France in last-ditch bid to tow stricken cargo ship


Maritime experts on Monday began a final attempt to tow a tilting uncrewed cargo ship and stop it from crashing into France's picturesque Atlantic coast.
The Panamanian-registered Modern Express is currently 50 kilometres (31 miles) southwest of the beaches of the Bay of Arcachon.
Unless rescue teams can successfully attach a tow line, the 164-metre-long (538-foot) ship is expected to hit the coast at some point between Monday night and Tuesday night.
"Towing operations have begun. Four experts from SMIT Salvage are on board the vessel," local maritime authorities said on its Twitter account.
The experts from the Dutch company which specialises in helping ships in distress were helicoptered onto the vessel, which is tilting dangerously at 40 to 50 degrees and being buffeted by large waves.
"The difficulty is a combination of several things: the wind, the swell and the angle of the boat which is like climbing a mountain, but which is moving," a spokesperson for Smit Salvage told AFP over the weekend.
Tow line snapped
The team managed to land on the ship on Saturday and attach a tow line between the Modern Express and a towing ship, but it snapped due to the movement of the vessels in the rough seas.
Map charting the eastward drift of cargo ship "Modern Express" towards the French coast.
On Sunday heavy winds and waves of nearly six metres high prevented further rescue efforts.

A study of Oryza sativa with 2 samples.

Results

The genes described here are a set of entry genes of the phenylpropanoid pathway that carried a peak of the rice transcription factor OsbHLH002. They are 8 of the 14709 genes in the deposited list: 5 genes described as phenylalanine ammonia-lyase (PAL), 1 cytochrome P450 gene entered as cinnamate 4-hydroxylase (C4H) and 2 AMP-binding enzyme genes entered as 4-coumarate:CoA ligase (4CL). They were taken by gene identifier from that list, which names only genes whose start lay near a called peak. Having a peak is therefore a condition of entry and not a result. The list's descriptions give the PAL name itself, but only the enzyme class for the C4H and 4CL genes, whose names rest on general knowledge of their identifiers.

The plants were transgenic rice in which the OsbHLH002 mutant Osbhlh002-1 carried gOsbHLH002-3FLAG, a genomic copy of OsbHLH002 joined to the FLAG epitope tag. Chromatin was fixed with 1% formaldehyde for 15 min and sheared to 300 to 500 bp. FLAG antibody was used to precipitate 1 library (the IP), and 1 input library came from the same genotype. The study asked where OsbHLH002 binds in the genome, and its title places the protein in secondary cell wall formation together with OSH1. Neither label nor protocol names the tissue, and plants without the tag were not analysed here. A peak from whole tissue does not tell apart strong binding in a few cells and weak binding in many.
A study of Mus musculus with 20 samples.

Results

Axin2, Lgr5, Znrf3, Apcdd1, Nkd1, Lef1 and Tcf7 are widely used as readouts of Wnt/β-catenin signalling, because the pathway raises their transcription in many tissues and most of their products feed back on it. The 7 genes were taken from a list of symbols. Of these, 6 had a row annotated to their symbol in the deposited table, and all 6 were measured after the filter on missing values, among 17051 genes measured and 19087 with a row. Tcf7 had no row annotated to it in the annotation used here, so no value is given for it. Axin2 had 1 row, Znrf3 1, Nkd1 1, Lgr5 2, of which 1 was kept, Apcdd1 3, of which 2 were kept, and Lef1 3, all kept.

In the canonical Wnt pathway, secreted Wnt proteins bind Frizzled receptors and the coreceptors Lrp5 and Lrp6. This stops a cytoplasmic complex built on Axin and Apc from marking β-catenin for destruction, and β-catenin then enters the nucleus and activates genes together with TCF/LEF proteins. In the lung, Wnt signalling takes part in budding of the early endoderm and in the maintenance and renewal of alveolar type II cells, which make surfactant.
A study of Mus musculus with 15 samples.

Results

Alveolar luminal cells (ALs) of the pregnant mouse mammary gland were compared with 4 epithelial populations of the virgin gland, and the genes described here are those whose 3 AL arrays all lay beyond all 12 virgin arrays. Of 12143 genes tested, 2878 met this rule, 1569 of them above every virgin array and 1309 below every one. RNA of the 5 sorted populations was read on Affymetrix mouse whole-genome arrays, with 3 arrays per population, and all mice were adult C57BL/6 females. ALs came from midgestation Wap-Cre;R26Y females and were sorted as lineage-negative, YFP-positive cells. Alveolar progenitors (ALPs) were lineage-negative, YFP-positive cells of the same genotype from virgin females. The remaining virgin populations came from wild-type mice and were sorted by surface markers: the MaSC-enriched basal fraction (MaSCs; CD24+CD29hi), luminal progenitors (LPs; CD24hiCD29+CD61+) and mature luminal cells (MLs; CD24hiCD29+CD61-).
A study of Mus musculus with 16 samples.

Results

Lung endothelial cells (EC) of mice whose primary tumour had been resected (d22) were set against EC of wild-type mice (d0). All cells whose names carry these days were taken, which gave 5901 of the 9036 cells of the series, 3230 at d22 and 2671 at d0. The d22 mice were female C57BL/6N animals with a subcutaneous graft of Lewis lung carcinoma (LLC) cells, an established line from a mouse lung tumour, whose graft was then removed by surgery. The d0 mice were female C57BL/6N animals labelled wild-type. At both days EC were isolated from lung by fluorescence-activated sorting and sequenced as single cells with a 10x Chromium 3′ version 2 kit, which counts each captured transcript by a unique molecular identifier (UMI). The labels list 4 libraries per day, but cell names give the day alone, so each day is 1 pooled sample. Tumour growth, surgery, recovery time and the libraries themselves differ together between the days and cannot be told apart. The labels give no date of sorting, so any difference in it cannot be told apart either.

"The wind has gone down, to 15-20 knots, but there are still swells of about three metres," a spokesman for the local government's maritime office said Monday.
The Modern Express was carrying diggers and 3,600 tonnes of timber from Gabon in west Africa to the port of Le Havre in Normandy.
Around 300 tonnes of fuel remain in its tanks, but French authorities said there was a limited risk of pollution in the event of a crash.
A clean-up vessel was at the scene just in case.
The ship's crew sent a distress signal last Tuesday after the vessel listed strongly to one side, probably due to its cargo coming loose in the hull.
The 22 crew were evacuated by helicopter as they clung to the ship in dramatic scenes.
The attempt Monday to tow the ship will be the fourth and final effort.
If experts manage to tow the vessel, it will likely be taken to a port on the northern coast of Spain.
However if the operation fails and the Modern Express washes ashore on the coastline of the Bay of Arcachon, it will likely be dismantled or cut up, rather than refloated.
The French coastline was hit hard in 2002 by the sinking of the Bahamian-flagged oil tanker the Prestige off the coast of Spain, which was carrying 77,000 tonnes of fuel.
The fuel polluted some 1,000 kilometres of French and Spanish coastline.